Now the estimated $1 billion commercial-residential venture planned for Surgarloaf for the past nine years may evaporate because the developers still aren’t ready to turn the first spade.

The project’s owners, the Price family and former banker Willoughby T. Cox Jr., are fighting to get a five-year extension on a mandatory state order for a Dec. 18 ground-breaking. Without the extension, the developers say they will have no other options but to walk away from the project for good.

That would satisfy area residents and environmentalists who have fought the enterprise since it was announced in 1991. They argue the planned 2,434 home development with two golf courses and 120,000 sf of commercial space is in the wrong place at the wrong time.

Arnold Palmer’s golf course-building company is an investor in the project.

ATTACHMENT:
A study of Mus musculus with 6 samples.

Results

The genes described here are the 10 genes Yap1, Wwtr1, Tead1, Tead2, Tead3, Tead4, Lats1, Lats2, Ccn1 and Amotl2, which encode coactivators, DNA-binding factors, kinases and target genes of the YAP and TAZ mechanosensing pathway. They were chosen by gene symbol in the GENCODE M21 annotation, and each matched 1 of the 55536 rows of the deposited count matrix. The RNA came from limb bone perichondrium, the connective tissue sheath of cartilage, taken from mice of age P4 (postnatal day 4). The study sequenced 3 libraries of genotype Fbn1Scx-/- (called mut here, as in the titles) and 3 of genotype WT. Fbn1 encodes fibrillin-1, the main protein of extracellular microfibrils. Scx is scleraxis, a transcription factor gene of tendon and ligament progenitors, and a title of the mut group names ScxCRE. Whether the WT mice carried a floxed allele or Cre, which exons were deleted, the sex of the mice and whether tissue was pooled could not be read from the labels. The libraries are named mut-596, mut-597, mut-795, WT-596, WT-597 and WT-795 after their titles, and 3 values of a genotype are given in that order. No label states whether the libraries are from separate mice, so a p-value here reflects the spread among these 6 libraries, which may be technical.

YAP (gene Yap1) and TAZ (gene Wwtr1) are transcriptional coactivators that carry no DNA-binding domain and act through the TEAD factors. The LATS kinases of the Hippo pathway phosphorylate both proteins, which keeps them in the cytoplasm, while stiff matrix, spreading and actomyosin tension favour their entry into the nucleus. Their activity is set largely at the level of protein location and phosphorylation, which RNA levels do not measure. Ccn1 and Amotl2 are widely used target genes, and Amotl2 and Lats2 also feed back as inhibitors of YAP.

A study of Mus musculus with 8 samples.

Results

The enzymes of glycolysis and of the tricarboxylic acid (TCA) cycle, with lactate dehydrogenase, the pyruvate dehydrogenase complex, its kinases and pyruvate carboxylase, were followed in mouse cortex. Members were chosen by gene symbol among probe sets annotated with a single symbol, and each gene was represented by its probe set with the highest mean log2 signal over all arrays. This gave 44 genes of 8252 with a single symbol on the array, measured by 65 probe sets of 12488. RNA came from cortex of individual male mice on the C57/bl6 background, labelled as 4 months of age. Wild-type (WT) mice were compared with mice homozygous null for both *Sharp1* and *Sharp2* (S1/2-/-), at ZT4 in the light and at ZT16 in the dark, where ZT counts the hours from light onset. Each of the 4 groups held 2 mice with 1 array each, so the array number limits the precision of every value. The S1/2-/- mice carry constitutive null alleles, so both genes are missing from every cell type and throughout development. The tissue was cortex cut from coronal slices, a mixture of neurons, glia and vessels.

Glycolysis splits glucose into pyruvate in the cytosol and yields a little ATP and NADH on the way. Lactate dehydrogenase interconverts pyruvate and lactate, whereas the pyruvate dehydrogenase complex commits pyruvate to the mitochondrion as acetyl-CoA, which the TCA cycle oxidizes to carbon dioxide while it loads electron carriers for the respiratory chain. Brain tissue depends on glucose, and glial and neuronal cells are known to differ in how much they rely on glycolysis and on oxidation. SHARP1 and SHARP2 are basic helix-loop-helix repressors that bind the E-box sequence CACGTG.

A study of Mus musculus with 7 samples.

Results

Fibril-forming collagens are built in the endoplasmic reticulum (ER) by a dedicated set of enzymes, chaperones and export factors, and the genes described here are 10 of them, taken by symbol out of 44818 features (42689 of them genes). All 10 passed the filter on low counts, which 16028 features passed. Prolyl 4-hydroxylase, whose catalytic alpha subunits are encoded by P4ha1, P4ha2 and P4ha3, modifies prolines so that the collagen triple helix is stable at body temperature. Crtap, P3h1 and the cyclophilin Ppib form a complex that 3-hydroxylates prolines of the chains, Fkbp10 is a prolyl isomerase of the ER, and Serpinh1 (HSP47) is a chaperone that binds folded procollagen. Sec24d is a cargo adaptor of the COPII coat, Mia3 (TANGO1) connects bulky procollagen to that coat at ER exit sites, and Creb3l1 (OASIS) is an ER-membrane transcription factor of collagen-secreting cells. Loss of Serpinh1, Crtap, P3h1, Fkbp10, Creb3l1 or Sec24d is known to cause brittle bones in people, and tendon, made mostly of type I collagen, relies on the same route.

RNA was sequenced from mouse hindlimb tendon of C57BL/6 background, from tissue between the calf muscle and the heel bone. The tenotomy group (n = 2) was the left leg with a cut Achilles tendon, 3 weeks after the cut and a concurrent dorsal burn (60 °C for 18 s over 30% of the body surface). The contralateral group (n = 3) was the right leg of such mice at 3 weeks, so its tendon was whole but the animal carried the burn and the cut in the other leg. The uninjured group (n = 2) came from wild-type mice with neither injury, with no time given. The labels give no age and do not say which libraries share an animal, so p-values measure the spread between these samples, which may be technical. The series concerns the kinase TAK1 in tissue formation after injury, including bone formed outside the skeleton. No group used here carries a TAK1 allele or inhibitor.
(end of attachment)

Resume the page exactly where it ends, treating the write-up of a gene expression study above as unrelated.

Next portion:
Lake County commissioners will consider the developers’ request at a Sept. 26 public hearing. Local politics has clouded the path of the project since its inception. A close vote is expected, either approving or rejecting the ground-breaking extension order.

Real estate and political sources who have followed the venture’s travails over the years figure commissioners Bob Pool and Catherine Hanson, a realtor, will vote for the extension. commissioners Richard Swartz and Rhonda Gerber, longtime foes of the project, will vote no, but both are retiring from the commission Nov. 21.

Newly-elected Jennifer Hill, backed by local home builders, replaces Gerber. Either Debbie Stivender, a developers-backed candidate, or Gena Swartz, wife of Richard Swartz, will take over his spot. Swartz and Stivender meet in an Oct. runoff race. Stivender and Hill are considered pro-Sugarloaf backers. The fifth commissioner, Welton Cadwell, remains a question mark.